MercoPress, en Español

Montevideo, July 16th 2019 - 16:27 UTC

 

 

Argentina's current import restrictions forecasted to continue during 2015

Wednesday, January 28th 2015 - 07:33 UTC
Full article 7 comments
“The perspective of a low trade surplus would impose strong constraints on a wider flexibilization on the current import scheme” said Pérez Santisteban “The perspective of a low trade surplus would impose strong constraints on a wider flexibilization on the current import scheme” said Pérez Santisteban
CIRA also highlighted Central Bank foreign currency reserves have plunged from the 48 billion dollars available in 2010 to the current 31.276 billion. CIRA also highlighted Central Bank foreign currency reserves have plunged from the 48 billion dollars available in 2010 to the current 31.276 billion.

A decrease in Argentina's trade surplus this year would make it difficult for the federal government to end the current restrictions on imports, which force companies to file an affidavit in order to obtain authorization, the Argentine Importers Chamber (CIRA) said this week, only days after the country’s 2014 trade data was revealed to be the worst since 2001.

 “The perspective of a low trade surplus this year would impose strong constraints on a wider flexibilization on the current import scheme,” Diego Pérez Santisteban, the head of the chamber, said.

Argentina's trade surplus narrowed 17% in 2014 to 6.6 billion dollars, the lowest figure since 2001 when a 6.2 billion dollars surplus was registered, the INDEC statistics bureau reported. Imports dropped 11% and totaled 65.2 billion, while exports declined 17% to 71.9 billion.

The annual results came after INDEC revealed that December was a bad month for trade. The trade surplus registered in the last month of 2014 was 74 million dollars, which is 31% lower than the same month last year. Exports narrowed 13% (4.5bn), a drop which was also seen on imports 4.4bn.

“Looking after the Central Bank’s foreign currency reserves became the most important objective of the federal government’s economic policy and in that context everything that means spending dollars is being analyzed carefully,” Santiesteban said.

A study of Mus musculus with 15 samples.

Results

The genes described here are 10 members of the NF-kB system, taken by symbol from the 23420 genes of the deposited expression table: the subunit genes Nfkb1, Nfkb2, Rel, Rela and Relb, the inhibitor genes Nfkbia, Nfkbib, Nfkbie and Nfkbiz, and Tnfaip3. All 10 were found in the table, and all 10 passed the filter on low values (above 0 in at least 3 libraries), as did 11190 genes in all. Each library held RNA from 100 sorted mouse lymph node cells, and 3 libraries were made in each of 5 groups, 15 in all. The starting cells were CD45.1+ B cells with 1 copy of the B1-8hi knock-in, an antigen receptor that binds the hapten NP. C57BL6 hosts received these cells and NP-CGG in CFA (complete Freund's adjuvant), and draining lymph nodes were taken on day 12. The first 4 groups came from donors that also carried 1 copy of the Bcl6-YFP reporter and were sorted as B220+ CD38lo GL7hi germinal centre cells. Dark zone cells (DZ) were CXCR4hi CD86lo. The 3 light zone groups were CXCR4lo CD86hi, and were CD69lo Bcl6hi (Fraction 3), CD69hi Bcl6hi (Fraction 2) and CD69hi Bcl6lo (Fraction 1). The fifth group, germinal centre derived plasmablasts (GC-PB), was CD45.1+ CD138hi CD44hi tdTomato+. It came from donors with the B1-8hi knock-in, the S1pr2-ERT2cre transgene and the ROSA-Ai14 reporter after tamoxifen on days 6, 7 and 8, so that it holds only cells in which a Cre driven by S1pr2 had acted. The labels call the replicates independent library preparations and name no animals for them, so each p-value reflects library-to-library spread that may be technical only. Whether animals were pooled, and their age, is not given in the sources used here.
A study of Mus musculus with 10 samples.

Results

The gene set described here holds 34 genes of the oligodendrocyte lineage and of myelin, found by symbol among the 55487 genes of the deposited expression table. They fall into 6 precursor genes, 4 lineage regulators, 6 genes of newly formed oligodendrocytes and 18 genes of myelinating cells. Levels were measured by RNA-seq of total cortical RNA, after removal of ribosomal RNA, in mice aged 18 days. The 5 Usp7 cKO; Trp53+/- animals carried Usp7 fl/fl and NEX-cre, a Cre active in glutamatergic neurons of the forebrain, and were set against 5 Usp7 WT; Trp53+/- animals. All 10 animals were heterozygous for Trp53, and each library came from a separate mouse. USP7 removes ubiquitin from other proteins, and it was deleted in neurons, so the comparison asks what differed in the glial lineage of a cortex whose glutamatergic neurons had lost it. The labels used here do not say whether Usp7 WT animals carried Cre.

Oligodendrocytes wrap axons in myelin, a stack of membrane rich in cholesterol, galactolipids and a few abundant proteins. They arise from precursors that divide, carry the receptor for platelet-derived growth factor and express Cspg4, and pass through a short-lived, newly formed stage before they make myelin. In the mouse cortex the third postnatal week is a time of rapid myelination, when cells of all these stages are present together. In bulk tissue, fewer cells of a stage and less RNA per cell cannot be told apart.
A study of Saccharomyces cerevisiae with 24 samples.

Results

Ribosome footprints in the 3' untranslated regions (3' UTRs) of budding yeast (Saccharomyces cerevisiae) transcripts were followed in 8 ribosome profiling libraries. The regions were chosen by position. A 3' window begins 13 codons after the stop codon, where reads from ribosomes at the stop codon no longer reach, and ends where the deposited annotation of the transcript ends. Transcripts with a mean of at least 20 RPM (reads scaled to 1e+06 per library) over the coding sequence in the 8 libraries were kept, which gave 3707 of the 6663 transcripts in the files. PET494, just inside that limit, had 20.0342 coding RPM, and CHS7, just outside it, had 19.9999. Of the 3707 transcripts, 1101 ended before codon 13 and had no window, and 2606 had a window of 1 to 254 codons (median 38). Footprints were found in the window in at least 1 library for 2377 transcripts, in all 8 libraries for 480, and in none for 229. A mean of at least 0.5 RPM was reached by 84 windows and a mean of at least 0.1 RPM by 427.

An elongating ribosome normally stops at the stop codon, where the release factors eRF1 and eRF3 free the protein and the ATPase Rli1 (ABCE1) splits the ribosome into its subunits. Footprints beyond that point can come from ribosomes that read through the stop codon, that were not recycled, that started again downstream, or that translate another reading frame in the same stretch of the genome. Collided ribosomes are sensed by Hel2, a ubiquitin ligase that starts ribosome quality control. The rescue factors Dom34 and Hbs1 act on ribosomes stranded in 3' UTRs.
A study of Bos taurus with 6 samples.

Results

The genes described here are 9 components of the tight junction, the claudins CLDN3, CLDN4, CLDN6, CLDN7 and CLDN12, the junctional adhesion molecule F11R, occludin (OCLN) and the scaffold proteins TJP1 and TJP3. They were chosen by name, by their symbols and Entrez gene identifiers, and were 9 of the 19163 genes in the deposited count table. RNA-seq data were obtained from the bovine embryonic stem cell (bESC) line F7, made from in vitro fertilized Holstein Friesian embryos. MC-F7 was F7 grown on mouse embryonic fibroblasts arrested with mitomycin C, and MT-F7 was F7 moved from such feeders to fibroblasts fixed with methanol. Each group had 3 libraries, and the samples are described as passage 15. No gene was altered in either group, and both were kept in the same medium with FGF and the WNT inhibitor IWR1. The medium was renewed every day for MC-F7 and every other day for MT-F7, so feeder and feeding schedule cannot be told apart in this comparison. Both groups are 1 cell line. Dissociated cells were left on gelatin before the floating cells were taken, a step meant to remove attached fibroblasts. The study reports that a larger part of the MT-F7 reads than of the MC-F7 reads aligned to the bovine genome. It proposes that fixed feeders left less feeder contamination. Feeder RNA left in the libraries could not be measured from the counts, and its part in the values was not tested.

“In a certain way, the government decided with its economic policy to give up on growth in order to decrease the demand of dollars and maintain a calm situation in the market.”

CIRA also highlighted Central Bank foreign currency reserves have plunged from the 48 billion dollars available in 2010 to the current 31.276 billion.

The main sector responsible for the drop in imports last year was the vehicle sector as fewer sales in the country led to a 49% decline in car imports, compared to 2013. At the same time, capital goods accessories dropped 22%, fuel and lubricants 4%, intermediate goods 11% and consumption goods 10%.

December saw a whopping 61% drop in car imports, followed by a 28% drop in capital goods accessories and four percent on intermediate goods.

Santiesteban said the lack of foreign investment, the drop in exports because of lower demand of Brazil, Argentina’s main commercial partner, and lower prices of grains and soybeans have led to a lower number of dollars being brought in the country, funds used to finance Argentina’s imports.

Categories: Politics, Argentina.

Top Comments

Disclaimer & comment rules
  • ChrisR

    YES!

    The argies have discovered a NEW way to trade.

    First, you restrict imports that your manufactureres desperately need to make the goods they export. TICK

    Then your exports are reduced because of the lack of materials and parts. TICK

    Then the balance of payments suffers in direct relationship to the lack of parts. TICK

    Hang on a cotton picking minute!

    This is a load of bollocks! It will never wotk this way.

    Ah! But it is the ARGIE way!

    Oh well, I tried. :o)

    Jan 28th, 2015 - 11:14 am 0
  • Conqueror

    When will the EU, Japan and the United States make another complaint to the WTO? When will the sanctions start? Russia is failing under sanctions. Goodbye argieland! When you've collapsed, the world will take what it wants.

    Jan 28th, 2015 - 01:18 pm 0
  • yankeeboy

    1. They call it Heterodoxy, Argentina is 169 in ranking of best countries to do business, right along Venezuela and Iran.
    Bahahahaha

    Cue Auto Mfgs leaving....

    All Int'l companies have “relocated” their high level expats out of Argentina.
    Gee I wonder why?

    I hope the car companies leave this year.

    Jan 28th, 2015 - 02:40 pm 0
Read all comments

Commenting for this story is now closed.
If you have a Facebook account, become a fan and comment on our Facebook Page!